The Frazer was the 'senior' line of the Kaiser-Frazer Company even though Frazer shared the same basic bodies with Kaiser from 1947 to 1950.
The Frazer was designed by Howard 'Dutch' Darrin, but was modified somewhat by other stylists. The 1950 Frazer was promoted by the company as a 'superb new Frazer that is the last word in luxury.'
The 1950 Frazers were powered by an L-head six-cylinder, 226.2 cubic-inch motor that developed 112 horsepower. Factory price of the Frazer Standard four-door sedan was $2,395 less options.
Kaiser-Frazer was America's 12th ranked automaker in 1950.
The 1950s Frazer models were identical to their 1949 siblings, yet the Frazer marque claimed that its designers had 'created a superb new Frazer that is the last word in luxury.' There were minor updates, such as a few trim pieces, but many were leftover 1949 models. In 1949, Frazer sold about half as many Series F49 models as they did to the prior year's F48 models.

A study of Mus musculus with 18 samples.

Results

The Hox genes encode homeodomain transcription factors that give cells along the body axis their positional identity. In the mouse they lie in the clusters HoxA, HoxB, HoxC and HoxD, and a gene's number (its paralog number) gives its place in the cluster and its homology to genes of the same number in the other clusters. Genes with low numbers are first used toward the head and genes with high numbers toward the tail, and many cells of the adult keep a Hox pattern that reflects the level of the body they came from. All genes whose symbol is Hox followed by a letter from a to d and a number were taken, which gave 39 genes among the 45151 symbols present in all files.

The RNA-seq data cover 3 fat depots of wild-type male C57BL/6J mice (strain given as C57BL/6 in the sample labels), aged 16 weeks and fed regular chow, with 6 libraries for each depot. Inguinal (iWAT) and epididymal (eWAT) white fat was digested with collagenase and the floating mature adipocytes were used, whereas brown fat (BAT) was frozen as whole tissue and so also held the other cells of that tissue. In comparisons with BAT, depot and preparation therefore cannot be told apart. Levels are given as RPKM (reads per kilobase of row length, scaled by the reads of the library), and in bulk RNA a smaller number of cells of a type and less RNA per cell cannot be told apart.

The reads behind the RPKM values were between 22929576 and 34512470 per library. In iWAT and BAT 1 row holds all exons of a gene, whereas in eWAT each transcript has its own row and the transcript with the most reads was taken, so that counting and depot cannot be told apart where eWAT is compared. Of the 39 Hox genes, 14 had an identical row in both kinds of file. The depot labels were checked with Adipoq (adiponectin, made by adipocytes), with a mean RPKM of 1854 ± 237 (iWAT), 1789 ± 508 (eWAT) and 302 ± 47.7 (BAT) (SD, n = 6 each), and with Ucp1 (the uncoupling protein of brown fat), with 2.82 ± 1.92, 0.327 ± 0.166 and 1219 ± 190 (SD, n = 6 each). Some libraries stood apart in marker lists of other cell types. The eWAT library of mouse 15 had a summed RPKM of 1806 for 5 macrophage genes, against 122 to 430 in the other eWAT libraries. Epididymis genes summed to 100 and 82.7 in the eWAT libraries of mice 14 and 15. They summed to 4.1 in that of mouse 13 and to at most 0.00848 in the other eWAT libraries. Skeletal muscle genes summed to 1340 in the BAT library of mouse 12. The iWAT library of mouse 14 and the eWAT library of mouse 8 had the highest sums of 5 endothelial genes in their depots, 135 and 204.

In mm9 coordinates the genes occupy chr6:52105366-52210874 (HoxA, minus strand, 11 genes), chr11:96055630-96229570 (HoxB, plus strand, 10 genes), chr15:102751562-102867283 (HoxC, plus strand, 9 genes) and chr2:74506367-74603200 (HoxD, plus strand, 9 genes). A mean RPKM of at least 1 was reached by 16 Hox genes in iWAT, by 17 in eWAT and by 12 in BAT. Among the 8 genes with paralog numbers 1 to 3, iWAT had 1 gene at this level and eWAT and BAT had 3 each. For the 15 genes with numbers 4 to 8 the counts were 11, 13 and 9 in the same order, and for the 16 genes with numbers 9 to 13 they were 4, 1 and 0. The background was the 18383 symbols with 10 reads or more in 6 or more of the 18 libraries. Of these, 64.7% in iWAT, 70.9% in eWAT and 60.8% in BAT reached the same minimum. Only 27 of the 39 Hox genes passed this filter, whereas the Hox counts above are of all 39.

The 1950 Frazer Standard F50 was powered by a 226.2 cubic-inch L-head six-cylinder engine that was mated to a three-speed manual gearbox. It was available as a four-door sedan and sold for just under $2,400. They had a welded steel body construction, Super-Cushion low pressure tires, Tru-line steering with triple control and centrifuge brake drums with floating shoe brakes. In the front were coil springs.
The Frazer offered plenty of trunk space, measuring 27 cubic-feet of storage. There were push-button door latches, large ash receivers, and wraparound bumpers.
By Daniel Vaughan | Sep 2011
Including 1949 and 1950, Frazer produced a total of 24,923 vehicles, with estimates of 14,700 examples of the Standard models and the remaining 10,020 vehicles being the Manhattans. For 1950, Kaiser-Frazer was America's 12th ranked automaker.